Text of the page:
Large Hadron Collider
Concerns have been raised that performing collisions at previously unexplored energies might unleash new and disastrous phenomena. These include the production of micro black holes, and strangelets, potentially resulting in a doomsday scenario. Such issues were raised in connection with the RHIC accelerator, both in the media and in the scientific community; however, after detailed studies, scientists reached such conclusions as "beyond reasonable doubt, heavy-ion experiments at RHIC will not endanger our planet" and that there is "powerful empirical evidence against the possibility of dangerous strangelet production."
One argument against such fears is that collisions at these energies (and higher) have been happening in nature for billions of years apparently without hazardous effects, as ultra-high-energy cosmic rays impact Earth's atmosphere and other bodies in the universe. A concern against this cosmic-ray argument is that, if dangerous strangelets or micro black holes were created at LHC, a proportion would have less than the Earth's escape velocity (of 11.2 km/s), and therefore would be captured by the Earth's gravitational field, whereas those created by high-energy cosmic rays would leave the planet at high speed, due to the laws of conservation of momentum at relativistic speeds.
CERN's review concludes, after detailed analysis, that "there is no basis for any conceivable threat" from strangelets, black holes, or monopoles. However, the concern about the verity of Hawking radiation was not addressed, and another study was commissioned by CERN in 2007 for publication on CERN's web-site by the end of 2007.
The risk of a doomsday scenario was indicated by Sir Martin Rees, with respect to the RHIC, as being a one in fifty million chance, and by Professor Frank Close, with regards to (dangerous) strangelets, that 'the chance of this happening is like you winning the major prize on the lottery 3 weeks in succession; the problem is that people believe it is possible to win the lottery 3 weeks in succession'. Accurate assessments of these risks are impossible due to the present incomplete, or even hypothetically flawed, standard model of particle physics (see also a list of unsolved problems in physics).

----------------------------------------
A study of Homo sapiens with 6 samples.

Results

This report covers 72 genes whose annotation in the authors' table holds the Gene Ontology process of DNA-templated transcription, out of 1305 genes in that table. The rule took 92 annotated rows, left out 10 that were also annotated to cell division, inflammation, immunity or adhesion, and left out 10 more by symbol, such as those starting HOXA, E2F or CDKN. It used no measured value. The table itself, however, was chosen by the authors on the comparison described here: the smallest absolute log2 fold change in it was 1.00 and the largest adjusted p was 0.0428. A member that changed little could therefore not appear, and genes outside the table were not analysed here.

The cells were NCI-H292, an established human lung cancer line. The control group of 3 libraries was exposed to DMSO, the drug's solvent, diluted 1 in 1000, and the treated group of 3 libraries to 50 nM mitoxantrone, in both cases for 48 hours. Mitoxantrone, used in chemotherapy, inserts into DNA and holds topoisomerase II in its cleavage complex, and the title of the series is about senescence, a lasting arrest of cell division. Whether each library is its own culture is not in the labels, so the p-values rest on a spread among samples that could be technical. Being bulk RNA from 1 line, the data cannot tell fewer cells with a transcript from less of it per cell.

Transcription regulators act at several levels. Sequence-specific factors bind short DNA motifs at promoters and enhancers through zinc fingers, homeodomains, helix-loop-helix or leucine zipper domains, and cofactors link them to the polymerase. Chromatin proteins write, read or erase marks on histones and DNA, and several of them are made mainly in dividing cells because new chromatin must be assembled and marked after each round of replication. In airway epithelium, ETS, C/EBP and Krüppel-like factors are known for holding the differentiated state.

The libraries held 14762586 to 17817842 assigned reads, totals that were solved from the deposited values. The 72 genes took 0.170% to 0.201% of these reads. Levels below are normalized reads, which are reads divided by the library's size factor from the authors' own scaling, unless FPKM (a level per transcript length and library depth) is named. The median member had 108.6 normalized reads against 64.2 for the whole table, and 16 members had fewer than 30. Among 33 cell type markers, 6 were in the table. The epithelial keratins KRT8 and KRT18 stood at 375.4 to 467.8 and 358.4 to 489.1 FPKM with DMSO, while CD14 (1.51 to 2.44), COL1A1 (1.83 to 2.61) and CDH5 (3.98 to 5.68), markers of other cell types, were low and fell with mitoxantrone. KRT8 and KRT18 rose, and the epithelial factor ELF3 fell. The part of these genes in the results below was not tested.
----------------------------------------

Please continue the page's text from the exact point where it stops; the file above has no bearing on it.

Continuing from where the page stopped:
Micro black holes
Although the Standard Model of particle physics predicts that LHC energies are far too low to create black holes, some extensions of the Standard Model posit the existence of extra spatial dimensions, in which it would be possible to create micro black holes at the LHC at a rate on the order of one per second. According to the standard calculations these are harmless because they would quickly decay by Hawking radiation. The concern from opposing civil society movements is that, among other disputed factors, Hawking radiation (which is still debated) is not yet an experimentally-tested or naturally observed phenomenon. Thus, the above mentioned opponents to LHC consider that micro black holes produced in a terrestrial laboratory might not decay as rapidly as calculated, or might even not be prone to decay and, if unable to rapidly evaporate, they could start interacting, grow larger and potentially be disastrous to Earth itself.
Strangelets are a hypothetical form of strange matter that contains roughly equal numbers of up, down, and strange quarks and are more stable than ordinary nuclei. If strangelets can actually exist, and if they were produced at LHC, they could conceivably initiate a runaway fusion process (reminiscent of the fictional ice-nine) in which all the nuclei in the planet were converted to strange matter, similar to a strange star.